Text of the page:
As any inventor who’s gone through the patent process knows, filing a patent is almost always a complex, time-consuming process—even if your invention is a fairly simple one.
Now, many inventors and even small companies that create new products forgo the patent process, usually because they think it will take up too much time, money, or both. Choosing to file or not to file is a decision to consider carefully, as not filing for a patent means you won’t have legal protection should someone copy your idea. However, there are cases when not filing can make sense.
This post, however, is for those inventors and companies that do intend to file patents for their ideas. While in many cases, it’s advisable to hire a patent attorney to help with the patent process, there are things you can do in order to cut down on legal expenses and make the process as efficient as possible.
- Educate yourself on intellectual property law. There are many online resources, including full courses, on intellectual property law that can help you gain a broad view of how intellectual property works. This can be of great value in helping you decide whether and when to hire an attorney. In addition, knowing something about the law will help you hire the best, most competent attorney for your needs, and avoid any potential scams (which do, unfortunately, exist).
- Ask yourself key questions. The first question, which presumably you’ve already answered is “Do I need a patent?” Other questions you’ll want to ask yourself, however, include things like:
- Decide what and how much you want to do yourself. Even if you decide you don’t want to risk going through the entire patent process on your own, there’s probably work you can do on your own to save on legal fees. For example, one of the earliest steps in the process is deciding whether or not you have a protectable invention, which means that it’s something new and that it fits into one of the categories created by the Patent and Trademark Office.
- Consider filing a provisional patent application yourself and saving your attorney fees for later, if you decide to file the binding, non-provisional application. Many inventors decide to file a provisional application on their own. The provisional application is a kind of initial step in the patent process—what it does is protect your invention while you finish fine-tuning the details. A provisional application expires in 12 months, so unless you file a non-provisional application within that time period, your patent will be considered abandoned.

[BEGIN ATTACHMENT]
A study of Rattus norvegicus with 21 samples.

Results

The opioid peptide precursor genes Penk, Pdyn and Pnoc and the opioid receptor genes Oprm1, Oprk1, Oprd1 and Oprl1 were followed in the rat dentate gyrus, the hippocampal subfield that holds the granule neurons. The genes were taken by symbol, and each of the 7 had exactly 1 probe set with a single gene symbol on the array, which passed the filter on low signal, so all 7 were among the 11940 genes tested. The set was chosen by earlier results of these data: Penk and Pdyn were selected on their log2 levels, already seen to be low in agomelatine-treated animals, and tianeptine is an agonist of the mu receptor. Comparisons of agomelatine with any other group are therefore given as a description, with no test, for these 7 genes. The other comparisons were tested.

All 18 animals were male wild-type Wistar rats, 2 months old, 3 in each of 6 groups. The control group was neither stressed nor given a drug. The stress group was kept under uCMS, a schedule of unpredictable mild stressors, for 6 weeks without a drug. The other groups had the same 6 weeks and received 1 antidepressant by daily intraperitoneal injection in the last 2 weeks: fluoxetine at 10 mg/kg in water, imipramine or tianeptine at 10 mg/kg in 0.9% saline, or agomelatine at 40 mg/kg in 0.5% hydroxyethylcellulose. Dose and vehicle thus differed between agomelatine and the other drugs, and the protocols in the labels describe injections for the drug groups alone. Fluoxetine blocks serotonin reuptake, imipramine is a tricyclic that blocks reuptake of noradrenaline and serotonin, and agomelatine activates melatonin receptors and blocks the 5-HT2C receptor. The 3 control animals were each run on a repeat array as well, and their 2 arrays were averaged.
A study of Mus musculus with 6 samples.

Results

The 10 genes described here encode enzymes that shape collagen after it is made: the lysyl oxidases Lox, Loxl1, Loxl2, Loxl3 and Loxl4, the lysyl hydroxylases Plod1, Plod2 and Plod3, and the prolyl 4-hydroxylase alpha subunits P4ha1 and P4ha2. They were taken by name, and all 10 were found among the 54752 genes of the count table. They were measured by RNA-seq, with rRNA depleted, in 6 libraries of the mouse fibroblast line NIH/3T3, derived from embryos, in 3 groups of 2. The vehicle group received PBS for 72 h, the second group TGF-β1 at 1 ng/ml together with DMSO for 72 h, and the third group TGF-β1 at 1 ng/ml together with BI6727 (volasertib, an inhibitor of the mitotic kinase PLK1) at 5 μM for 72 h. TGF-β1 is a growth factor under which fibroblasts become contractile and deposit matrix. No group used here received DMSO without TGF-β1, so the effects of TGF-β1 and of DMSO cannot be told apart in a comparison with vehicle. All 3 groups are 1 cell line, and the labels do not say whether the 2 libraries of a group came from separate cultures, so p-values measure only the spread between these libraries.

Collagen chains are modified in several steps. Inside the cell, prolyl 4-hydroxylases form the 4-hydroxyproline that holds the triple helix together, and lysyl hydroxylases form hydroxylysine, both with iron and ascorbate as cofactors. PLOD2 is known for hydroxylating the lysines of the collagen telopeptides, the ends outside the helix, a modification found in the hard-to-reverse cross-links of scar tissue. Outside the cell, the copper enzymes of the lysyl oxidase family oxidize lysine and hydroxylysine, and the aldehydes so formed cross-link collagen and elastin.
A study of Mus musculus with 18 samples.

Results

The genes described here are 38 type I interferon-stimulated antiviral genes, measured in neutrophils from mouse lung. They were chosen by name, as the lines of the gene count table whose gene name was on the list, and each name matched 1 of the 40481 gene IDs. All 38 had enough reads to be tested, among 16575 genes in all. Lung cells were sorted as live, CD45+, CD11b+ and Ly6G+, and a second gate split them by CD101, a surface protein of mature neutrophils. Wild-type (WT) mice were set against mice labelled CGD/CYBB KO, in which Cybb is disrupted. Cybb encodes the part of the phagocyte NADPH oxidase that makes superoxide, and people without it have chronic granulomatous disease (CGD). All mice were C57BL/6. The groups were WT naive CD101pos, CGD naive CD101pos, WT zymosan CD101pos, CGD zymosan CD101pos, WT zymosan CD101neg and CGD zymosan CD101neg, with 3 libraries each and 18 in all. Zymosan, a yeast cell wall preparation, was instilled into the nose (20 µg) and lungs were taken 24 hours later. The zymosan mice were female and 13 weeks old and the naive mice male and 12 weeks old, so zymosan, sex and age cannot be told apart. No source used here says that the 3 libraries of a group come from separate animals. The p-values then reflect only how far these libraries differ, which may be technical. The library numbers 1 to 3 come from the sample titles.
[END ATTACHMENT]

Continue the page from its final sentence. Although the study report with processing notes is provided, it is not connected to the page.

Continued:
- If you created your product as an individual, make sure your attorney is knowledgeable about working with independent inventors. Some attorneys are more familiar working with companies than individuals, so make sure you ask your attorney about this before hiring him or her. You’ll want to see if they are willing to go about the process in a way that’s acceptable to you, whether that means doing the entire patent from start to finish, or just coming in at the end to give your application a detailed review.
Am I willing to do the research required to file an application myself?
Do I have the time to devote to this research? Is there a deadline or timeline I must adhere to?
If I file myself, will I feel confident that I can defend my patent in a court of law?
Answer honestly—if you are ready to approach the patent process as a kind of project, then you’re probably ready to dive in and try to file yourself. If, however, you think your peace of mind would suffer if you do everything without the help of a legal professional—if, for example, you think your invention has great commercial value that others might try to infringe upon—you should most likely at least set up a consultation with a registered patent attorney.
You may also be able to do the patent search on your own, although there are professional patent searchers that you can hire if you choose.
There’s no set format for a provisional application, which makes it easier to file on your own. This is a great choice for individuals working on products that may not have high commercial value.
The non-provisional application is harder to file on one’s own and is the application that most inventors tend to hire a patent attorney for.
While we at Pivot don’t work on the patent process, we do help with just about everything else, from new product concept and design to product manufacturing. If you’ve got a great idea you’d like to pursue, contact Pivot today!